Kenya: ICC Appeals Chamber rules in Ruto’s favour

Joshua Sang and his legal team overwhelmed with joy upon hearing the verdict.

Joshua Sang and his legal team overwhelmed with joy upon hearing the verdict.

The Appeals Chamber at the International Criminal Court (ICC) has ruled against earlier verdict to use recanted witness testimony in the case involving Kenya’s Deputy President William Ruto and his co-accused Joshua Arap Sang.

Ruto and his team had contested use of retracted statements from five witnesses arguing the amendment to Rule 68 of the Rome Statute can not be applied retroactively since it was made after the case commencement of the trial.

“The prior-recorded testimony was delivered without an opportunity for the accused to cross-examine the witnesses,” the presiding judge, Piotr Hofmanski said at the ruling.

One of the witnesses who withdrew their testimony had implicated Ruto in meetings about buying weapons to commit the alleged killings (2007 killings in the elections related unrest) among others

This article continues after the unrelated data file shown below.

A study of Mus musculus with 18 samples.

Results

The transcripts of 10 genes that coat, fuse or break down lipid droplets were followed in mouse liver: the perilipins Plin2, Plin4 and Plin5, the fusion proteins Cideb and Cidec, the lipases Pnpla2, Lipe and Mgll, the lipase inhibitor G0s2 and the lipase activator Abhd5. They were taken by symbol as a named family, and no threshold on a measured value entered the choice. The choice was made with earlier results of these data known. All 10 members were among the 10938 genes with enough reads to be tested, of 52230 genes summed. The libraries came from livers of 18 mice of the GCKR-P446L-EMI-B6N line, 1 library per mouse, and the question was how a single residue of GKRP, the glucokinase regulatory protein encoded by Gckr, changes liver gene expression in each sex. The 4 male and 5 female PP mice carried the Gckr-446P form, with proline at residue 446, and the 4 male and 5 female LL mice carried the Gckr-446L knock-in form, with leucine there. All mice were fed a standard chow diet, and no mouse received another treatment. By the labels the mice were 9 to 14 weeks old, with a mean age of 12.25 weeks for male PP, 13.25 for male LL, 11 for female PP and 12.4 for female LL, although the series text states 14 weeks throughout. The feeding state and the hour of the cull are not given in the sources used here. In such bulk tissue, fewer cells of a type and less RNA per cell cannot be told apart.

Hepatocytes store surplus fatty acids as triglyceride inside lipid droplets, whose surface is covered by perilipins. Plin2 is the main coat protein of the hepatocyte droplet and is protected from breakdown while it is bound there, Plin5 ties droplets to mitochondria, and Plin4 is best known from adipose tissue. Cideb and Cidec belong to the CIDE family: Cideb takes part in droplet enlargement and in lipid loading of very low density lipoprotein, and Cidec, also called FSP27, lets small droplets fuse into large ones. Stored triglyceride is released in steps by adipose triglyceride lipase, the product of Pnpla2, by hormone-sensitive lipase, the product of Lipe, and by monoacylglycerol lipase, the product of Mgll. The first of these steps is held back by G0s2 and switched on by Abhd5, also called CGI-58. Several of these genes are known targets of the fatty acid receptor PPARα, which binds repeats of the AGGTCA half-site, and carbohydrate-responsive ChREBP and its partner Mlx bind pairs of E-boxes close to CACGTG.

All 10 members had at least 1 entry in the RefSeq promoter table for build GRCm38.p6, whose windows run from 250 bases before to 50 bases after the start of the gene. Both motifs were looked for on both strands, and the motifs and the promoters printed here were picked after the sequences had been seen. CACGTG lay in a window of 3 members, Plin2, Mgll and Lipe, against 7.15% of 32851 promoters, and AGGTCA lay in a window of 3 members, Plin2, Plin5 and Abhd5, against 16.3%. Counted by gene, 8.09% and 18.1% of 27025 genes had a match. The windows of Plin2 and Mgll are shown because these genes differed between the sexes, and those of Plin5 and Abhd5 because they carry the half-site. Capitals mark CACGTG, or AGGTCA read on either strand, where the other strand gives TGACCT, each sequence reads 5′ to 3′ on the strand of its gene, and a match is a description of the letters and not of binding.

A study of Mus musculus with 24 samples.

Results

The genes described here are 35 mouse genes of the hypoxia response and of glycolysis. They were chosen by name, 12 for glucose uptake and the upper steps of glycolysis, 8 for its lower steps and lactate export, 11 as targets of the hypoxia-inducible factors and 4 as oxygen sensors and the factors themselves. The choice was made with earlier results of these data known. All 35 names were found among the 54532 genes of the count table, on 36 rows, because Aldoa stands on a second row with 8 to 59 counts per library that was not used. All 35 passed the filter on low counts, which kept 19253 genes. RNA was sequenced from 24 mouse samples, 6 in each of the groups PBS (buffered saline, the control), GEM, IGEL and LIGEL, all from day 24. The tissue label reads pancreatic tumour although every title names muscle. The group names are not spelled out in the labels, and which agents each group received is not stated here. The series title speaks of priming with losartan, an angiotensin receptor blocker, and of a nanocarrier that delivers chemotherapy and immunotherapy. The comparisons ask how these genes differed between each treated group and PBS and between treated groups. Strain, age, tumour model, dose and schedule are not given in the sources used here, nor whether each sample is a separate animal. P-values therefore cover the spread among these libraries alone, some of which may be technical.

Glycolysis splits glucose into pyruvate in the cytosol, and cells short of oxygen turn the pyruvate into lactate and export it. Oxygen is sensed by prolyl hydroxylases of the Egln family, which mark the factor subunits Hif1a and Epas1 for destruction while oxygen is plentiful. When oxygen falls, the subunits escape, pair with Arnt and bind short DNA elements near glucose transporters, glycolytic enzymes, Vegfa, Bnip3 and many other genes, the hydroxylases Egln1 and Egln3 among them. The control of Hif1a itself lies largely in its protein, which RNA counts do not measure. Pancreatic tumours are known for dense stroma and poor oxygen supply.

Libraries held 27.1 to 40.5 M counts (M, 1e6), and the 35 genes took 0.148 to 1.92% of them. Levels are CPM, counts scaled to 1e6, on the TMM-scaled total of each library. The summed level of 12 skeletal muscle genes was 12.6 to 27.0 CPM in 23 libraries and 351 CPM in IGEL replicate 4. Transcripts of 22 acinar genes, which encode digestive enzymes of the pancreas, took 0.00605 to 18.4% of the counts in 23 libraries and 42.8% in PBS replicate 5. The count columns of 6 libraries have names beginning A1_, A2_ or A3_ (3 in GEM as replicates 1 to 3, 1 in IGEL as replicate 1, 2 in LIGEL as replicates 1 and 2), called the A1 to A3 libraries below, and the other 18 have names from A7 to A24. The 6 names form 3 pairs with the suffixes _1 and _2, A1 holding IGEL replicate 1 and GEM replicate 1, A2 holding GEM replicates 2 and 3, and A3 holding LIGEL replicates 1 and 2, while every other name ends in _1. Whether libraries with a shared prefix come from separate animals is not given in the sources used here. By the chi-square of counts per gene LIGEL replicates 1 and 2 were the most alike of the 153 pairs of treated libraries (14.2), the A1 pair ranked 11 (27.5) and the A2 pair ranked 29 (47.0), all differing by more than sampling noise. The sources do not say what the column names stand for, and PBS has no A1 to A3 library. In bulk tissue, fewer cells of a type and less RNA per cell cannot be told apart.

The ruling means ICC Prosecutor Fatou Bensouda can not use the statements in question dealing a big blow to her case against Ruto and his co-defendant.

“The Appeals Chamber of the International Criminal Court (ICC) decided unanimously to reverse the decision of ICC Trial Chamber V(A) of 19 August 2015, which granted the Prosecutor’s request for admission of prior recorded testimony into evidence pursuant to amended rule 68 of the Rules of Procedure and Evidence (RPE),” ICC statement read in part.

The statement added that “The Appeals Chamber considered that there was nothing in the drafting history of amended rule 68 of the RPE that revealed an error in the conclusion of the Trial Chamber that the amended rule may apply to this case, subject to a consideration of article 51 (4) of the Rome Statute providing that amendments to the RPE shall not be applied retroactively to the detriment of the accused.”

The ruling was welcomed by the two Kenyan defendants as they were seen reacting with jubilation in the court room.

Ruto and Sang are facing charges of crimes against humanity in the 2007 post election violence that claimed over 1000 people displace thousands more. The ICC case originally involved the current Kenyan leader, President Uhuru Kenyatta but his charges have since been dropped by the court.